The two latest episodes of the Apologetics Canada Podcast have been dealing with the lack of logical thinking in modern culture. It wasn’t too long ago I realized that all liberal theology per definition is completely illogical since it claims to be Christian while denying things that Christ taught and practiced. And liberal theology is just the Christian version of the trend that postmodern secularization has brought with it: a departure from logic.
As an example the ACP guys name the viral video where a man asks college students what they think about various identical attributes he applies to himself that contradicts his physical appearance. He starts with claiming to be a woman, which all of the students think is great. Then he goes on claiming to be Chinese, two meters tall and seven years old, asking permission to enroll for first grade. The logic that most students had self-implodes due to this reductio ad absurdium.
In fact, most people don’t study much logic in school. And many arguments used in popular debate are emotional rather than logical. While people often refer to science as an argument of authority and certainly think that they’re logical, I have noted myself in recent debates with both Christian nationalists on receiving refugees and with atheists on the existence of God, that their arguments don’t follow the rules of logic.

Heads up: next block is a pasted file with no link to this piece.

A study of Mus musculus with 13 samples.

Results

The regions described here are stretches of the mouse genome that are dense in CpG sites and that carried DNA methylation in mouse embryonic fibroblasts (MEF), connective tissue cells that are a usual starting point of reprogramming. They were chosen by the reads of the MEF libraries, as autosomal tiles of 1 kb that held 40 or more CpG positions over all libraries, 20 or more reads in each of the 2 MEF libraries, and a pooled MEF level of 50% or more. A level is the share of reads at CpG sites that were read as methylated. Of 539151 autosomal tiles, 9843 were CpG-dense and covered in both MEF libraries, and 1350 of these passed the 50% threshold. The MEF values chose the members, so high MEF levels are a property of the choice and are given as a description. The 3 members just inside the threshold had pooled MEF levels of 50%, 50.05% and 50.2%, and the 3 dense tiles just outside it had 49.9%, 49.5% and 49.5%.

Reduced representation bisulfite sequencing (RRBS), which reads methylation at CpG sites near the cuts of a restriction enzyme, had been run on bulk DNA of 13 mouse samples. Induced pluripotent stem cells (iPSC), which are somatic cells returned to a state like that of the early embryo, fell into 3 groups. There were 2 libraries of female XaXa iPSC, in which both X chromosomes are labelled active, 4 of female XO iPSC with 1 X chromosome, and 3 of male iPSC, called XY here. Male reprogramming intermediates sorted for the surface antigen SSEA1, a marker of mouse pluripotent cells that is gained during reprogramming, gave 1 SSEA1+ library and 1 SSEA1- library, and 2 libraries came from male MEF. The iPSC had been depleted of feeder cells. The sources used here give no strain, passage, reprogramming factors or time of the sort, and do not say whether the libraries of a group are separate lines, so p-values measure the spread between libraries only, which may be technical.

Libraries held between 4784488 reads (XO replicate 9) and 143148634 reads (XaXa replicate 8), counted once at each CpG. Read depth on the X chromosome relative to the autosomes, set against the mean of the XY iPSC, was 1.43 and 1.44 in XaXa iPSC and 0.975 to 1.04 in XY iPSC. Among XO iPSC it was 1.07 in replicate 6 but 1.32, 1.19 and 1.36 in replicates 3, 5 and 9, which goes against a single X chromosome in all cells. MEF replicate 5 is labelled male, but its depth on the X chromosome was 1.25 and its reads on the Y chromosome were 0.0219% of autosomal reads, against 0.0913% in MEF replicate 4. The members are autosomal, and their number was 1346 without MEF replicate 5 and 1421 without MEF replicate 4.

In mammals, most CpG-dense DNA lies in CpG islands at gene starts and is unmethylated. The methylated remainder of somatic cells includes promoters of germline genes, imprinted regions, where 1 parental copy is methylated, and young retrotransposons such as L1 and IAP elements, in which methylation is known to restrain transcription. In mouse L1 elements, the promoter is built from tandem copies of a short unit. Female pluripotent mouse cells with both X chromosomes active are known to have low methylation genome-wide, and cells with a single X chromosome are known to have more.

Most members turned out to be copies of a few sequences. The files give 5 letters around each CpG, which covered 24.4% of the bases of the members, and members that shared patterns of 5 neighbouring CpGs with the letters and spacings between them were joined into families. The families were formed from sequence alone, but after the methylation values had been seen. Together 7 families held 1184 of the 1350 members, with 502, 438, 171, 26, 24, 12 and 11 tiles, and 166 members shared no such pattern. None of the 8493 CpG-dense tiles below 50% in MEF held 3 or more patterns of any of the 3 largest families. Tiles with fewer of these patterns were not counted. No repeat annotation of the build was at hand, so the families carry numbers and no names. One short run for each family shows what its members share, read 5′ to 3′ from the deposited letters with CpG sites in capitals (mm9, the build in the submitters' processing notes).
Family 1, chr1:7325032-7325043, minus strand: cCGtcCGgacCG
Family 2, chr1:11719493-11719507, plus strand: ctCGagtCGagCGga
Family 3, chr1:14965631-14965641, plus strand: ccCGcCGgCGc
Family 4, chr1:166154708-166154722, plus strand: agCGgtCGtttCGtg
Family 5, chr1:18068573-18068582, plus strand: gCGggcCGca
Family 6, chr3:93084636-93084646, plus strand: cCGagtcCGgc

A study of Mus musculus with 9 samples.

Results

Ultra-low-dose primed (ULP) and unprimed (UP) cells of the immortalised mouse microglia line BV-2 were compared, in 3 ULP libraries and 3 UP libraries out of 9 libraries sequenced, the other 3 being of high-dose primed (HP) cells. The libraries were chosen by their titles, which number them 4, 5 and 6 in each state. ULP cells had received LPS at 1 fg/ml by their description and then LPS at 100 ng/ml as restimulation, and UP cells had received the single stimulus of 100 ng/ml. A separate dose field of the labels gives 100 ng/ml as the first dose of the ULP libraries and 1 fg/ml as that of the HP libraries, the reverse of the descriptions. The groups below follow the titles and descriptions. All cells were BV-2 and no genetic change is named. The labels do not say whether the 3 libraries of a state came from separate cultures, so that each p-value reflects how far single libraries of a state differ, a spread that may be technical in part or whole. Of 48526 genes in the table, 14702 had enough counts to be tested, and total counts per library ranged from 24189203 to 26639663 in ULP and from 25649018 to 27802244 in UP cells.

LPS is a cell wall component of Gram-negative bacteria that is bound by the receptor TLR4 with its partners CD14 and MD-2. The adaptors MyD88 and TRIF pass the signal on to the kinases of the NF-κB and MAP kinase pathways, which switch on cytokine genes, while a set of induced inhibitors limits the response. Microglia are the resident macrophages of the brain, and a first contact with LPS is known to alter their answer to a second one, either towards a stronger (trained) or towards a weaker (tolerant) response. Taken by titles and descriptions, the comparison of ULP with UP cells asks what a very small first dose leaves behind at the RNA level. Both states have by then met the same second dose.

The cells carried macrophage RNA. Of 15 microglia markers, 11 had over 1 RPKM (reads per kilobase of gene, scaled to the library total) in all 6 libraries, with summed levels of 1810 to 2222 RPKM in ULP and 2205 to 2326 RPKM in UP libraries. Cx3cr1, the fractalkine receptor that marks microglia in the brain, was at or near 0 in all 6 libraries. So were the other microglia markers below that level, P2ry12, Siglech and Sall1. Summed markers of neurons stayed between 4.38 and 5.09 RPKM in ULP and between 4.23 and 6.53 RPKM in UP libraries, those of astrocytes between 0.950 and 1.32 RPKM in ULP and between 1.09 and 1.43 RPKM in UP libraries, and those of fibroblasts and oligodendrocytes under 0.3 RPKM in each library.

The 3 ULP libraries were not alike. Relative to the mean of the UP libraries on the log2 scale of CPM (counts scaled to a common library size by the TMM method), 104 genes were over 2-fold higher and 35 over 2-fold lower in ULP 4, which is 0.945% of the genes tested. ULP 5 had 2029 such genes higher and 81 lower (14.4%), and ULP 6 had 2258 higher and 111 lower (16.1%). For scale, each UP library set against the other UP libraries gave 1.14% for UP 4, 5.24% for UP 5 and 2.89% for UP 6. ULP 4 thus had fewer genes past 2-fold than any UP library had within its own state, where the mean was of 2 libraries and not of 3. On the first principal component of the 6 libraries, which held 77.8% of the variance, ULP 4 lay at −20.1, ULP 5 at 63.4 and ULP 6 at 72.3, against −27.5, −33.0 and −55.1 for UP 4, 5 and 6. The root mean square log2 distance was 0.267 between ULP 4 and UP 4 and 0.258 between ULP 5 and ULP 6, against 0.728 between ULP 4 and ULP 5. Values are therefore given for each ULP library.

The narrative that I was fed in school was that for most of history people were irrational and superstitious, until the Enlightenment arrived when people started to think rationally and logically. What I now realize is that this story is inaccurate. With the marginalization of classical education and philosophy, logical thinking has decreased as well. Christian apologists always hold logic very dear while it is rejected by postmodernism, new age and big parts of modern culture.
Arguments for God’s existence such as the cosmological, teleological and miraculous arguments are all logically valid and, I would argue, sound. Logic has never been an enemy to Christianity, it is used in the Bible when arguing for Jesus being Messiah and risen from the dead, and it was of course used by early apologists such as Justin and Irenaeus when they evangelized to pagans.
As we try to spread the Gospel to people in the power of the Holy Spirit, we should embrace logical thinking. Help people connect the dots and think for themselves about why they have the worldview that they have and if it really makes any sense. Hopefully that can tear down one of the greatest mental strongholds (2 Cor 10:3-4) that keeps people from reconciling with their Creator.